Another outstanding OpenStack Summit is done and dusted. As expected, Berlin was a magnificent venue and it was truly a delight to reconnect with old friends and spend valuable time with colleagues and customers across the community.
After such a dynamic event, here are my top 5 takeaways:
1. OpenStack is a great community doing amazing things
Ever since I attended my first OpenStack Summit (Atlanta 2014), it’s been a privilege to be part of this vibrant, innovative community where open collaboration is the hallmark of everything we do. The core values and guiding principles of open source, open community, open development and open design remain as valid today as when the project first started.
2. Open infrastructure begins with OpenStack
In his keynote address, Jonathan Bryce, Executive Director of the OpenStack Foundation, highlighted how the connected, smart world we now live in is creating entirely different infrastructure challenges. Open source technology options are increasingly vital for building the software-defined infrastructures needed to meet these challenges. Flexibility, interoperability and integration are all critical factors.
How do we focus on getting all of this done? We’re going to start by rebranding the OpenStack Summit as the “Open Infrastructure Summit”.
The first of these summits will be in Denver, April 29th – May 1st, 2019, where users, operators and open source developers will get the chance to collaborate on everything from OpenStack; CI/CD; containers; IoT and edge computing; private, public and hybrid cloud; telecoms and NFV; artificial intelligence (AI) and machine learning (ML); and much more.
3. OpenStack adoption continues to expand and users are happy
With 70,000 commits over the past year, OpenStack is in the top 3 most active open source projects on the planet, right up there with Linux and Chromium. In addition, OpenStack is being used by organizations of all sizes and from all over the globe. Not only that, but users are increasingly happy with OpenStack, with its Net Promoter Score (NPS) soaring in the latest user survey results.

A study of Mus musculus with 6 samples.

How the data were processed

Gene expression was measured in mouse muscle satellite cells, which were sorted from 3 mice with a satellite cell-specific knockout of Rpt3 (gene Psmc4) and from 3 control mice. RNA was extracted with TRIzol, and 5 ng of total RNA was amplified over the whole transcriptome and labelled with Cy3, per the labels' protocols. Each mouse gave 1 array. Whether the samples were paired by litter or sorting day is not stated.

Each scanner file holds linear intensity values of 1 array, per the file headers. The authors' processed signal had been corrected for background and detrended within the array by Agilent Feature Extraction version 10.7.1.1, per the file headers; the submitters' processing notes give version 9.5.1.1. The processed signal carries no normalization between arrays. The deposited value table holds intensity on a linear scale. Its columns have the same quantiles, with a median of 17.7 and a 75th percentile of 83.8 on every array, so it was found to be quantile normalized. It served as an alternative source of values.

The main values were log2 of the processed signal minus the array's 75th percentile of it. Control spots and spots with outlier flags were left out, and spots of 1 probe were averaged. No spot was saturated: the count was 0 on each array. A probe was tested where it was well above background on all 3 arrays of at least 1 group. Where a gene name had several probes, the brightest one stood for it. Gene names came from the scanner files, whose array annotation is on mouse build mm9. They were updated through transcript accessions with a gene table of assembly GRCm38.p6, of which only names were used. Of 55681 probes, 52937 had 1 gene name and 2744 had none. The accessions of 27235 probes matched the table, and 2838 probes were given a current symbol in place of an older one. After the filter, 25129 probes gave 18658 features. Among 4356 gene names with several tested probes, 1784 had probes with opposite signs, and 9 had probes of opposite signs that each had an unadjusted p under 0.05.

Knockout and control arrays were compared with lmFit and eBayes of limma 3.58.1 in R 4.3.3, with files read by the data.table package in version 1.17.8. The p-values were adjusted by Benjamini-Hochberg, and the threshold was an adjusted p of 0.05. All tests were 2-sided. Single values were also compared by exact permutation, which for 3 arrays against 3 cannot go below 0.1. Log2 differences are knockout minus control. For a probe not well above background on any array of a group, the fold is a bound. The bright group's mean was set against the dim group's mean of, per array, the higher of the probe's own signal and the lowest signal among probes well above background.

What’s driving the growth? Increasing operational efficiency and accelerating the ability to innovate are top of the list of reasons for choosing OpenStack.
4. OpenStack is a great platform for running containers
This fact probably won’t come as a surprise to anyone. Containers are the top emerging technology for OpenStack users and Kubernetes is the most popular Platform as a Service (PaaS) or container framework for managing applications on OpenStack.
We’ve been seeing our customers do this for a while. They are using SUSE OpenStack Cloud for hosting bare metal, virtualized and containerized workloads. We integrated both Kubernetes and Cloud Foundry solutions to provide a flexible choice of application delivery solutions for our customers. And with the new Airship project (see below) that SUSE has been engaged with, you may see folks starting to use Kubernetes to deploy OpenStack, so you can deploy more Kubernetes clusters…that could make your head spin a bit 🙂
5. Watch out for new features, use cases and products
With the OpenStack Foundation evolving to embrace the wider open infrastructure community, four new pilot projects were the talk of the town in Berlin:
- Airship. Kubernetes based container deployment and management tools particularly useful for 5G and edge computing.
- Kata Containers. Secure container runtime providing the workload isolation and security advantages of VMs.
- StarlingX. Cloud infrastructure stack for telecom and industrial IoT use cases.
- Zuul. CI/CD platform that has been proven at scale supporting the OpenStack project.
Having been at most of the OpenStack Summits since 2014, it seems strange and a little sad to think that Berlin was the last. But as Alexander Graham Bell famously said, “when one door closes, another opens.” This time, that situation is happening by design and for good reason.
We’re moving on to greater things.
See you all in Denver next April for the first Open Infrastructure Summit.